Five questions to ask about: Overdrafts

How much is a typical overdraft?

Your bank may offer you an overdraft facility as part of your current account, meaning you can spend more than your in-credit balance up to a certain limit. That amount depends on your situation and your bank, but will usually be somewherebetween £250 and £2,500.

What is EAR?

This stands for equivalent annual rate and shows the interest you will be charged on any amount that you "borrow" from your overdraft. Some providers, including Halifax and Alliance & Leicester, have moved away from charging interest at all and instead use a fee-based system where you pay for each day you spend in the red.

What if I go over my limit?

If you go over your limit, you could be hit with hefty fees. Some providers charge upwards of £30 if you exceed your limit and you can be hit with further charges for direct debits or card payments while you are over your authorised amount.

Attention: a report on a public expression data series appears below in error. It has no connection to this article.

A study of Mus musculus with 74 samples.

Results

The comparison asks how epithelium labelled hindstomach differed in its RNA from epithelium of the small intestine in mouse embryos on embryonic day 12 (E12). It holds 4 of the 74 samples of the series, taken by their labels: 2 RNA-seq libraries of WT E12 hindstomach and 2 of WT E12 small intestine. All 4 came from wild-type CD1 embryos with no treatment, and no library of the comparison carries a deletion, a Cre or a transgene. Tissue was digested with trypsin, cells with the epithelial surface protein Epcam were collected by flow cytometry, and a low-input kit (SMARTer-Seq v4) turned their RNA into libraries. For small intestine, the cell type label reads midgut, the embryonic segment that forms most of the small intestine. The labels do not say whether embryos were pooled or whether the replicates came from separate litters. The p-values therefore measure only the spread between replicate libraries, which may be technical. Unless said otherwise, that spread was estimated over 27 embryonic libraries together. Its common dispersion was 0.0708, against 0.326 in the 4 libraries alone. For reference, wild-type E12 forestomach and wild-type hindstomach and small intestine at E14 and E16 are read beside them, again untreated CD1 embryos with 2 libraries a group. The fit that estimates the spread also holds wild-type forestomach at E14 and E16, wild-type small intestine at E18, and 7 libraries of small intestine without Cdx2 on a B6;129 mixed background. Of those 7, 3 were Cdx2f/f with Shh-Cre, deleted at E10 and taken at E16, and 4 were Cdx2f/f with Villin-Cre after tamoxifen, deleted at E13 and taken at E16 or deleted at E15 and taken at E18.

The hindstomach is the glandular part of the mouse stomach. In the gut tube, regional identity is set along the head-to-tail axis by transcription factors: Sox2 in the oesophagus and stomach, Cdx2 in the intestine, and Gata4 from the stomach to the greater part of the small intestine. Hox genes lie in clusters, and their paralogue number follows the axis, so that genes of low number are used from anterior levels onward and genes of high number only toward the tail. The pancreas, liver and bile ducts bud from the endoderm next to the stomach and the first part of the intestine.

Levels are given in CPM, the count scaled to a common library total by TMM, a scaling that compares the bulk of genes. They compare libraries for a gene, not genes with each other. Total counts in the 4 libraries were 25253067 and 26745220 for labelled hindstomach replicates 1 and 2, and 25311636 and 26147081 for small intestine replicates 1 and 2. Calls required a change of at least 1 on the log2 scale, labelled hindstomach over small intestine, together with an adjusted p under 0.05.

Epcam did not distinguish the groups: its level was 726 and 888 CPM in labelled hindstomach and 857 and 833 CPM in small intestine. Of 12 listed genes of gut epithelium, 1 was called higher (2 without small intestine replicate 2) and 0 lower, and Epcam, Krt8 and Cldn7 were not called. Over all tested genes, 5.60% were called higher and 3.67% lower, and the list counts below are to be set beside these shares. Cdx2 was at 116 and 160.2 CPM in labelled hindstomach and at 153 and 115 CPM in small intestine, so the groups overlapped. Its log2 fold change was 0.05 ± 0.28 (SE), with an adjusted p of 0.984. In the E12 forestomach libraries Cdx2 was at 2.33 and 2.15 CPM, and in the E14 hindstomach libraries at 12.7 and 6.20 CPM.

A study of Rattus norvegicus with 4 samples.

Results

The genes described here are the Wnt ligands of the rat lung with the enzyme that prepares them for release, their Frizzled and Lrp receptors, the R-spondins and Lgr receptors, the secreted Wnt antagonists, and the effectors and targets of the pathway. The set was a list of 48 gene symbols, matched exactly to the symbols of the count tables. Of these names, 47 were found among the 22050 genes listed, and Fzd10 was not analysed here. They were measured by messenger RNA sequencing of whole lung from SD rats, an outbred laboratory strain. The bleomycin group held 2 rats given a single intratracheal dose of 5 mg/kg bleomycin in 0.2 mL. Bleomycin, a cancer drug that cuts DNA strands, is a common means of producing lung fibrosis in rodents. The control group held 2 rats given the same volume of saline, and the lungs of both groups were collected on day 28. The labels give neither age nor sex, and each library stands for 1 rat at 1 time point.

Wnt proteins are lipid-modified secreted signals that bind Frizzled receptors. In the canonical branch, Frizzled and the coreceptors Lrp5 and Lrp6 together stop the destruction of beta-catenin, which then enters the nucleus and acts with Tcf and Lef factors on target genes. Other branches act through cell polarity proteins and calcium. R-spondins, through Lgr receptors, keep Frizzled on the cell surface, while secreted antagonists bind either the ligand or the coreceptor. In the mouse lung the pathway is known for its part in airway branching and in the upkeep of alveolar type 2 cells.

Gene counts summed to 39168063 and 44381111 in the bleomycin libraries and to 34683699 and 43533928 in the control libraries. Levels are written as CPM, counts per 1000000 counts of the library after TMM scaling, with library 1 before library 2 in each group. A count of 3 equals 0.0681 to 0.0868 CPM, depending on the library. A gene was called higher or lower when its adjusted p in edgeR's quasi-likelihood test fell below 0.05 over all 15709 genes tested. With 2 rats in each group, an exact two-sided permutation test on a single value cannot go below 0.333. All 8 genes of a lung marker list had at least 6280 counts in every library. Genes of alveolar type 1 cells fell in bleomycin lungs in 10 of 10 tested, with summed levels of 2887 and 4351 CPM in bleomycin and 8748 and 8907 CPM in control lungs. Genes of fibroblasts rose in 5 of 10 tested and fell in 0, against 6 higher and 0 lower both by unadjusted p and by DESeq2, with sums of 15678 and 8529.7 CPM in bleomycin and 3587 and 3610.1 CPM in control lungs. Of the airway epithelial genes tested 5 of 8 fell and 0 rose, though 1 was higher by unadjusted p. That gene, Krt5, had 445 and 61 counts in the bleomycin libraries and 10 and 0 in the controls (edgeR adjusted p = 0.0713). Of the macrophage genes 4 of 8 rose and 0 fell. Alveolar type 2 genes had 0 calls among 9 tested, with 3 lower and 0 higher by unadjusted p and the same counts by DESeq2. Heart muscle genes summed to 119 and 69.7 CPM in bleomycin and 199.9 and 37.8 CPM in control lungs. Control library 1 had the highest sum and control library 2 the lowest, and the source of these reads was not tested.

What else should I bear in mind?

Be careful not to become reliant on your overdraft. Five million UK adults are stuck permanently in the red, according to moneysupermarket.com research. If your overdraft is maxed out each month, any unexpected bill could mean you're hit with charges and spiral further into debt.

If you know you will never use your overdraft then you should look for a current account that pays a high rate or offers rewards.

Is an overdraft good for short-term borrowing?

Many providers will offer you a 0 per cent overdraft for an introductory period, which will be cheaper than a small, short-term personal loan. If not, compare the rate you'd pay to the best personal loan you qualify for. Be warned, a daily overdraft fee could make this an expensive option.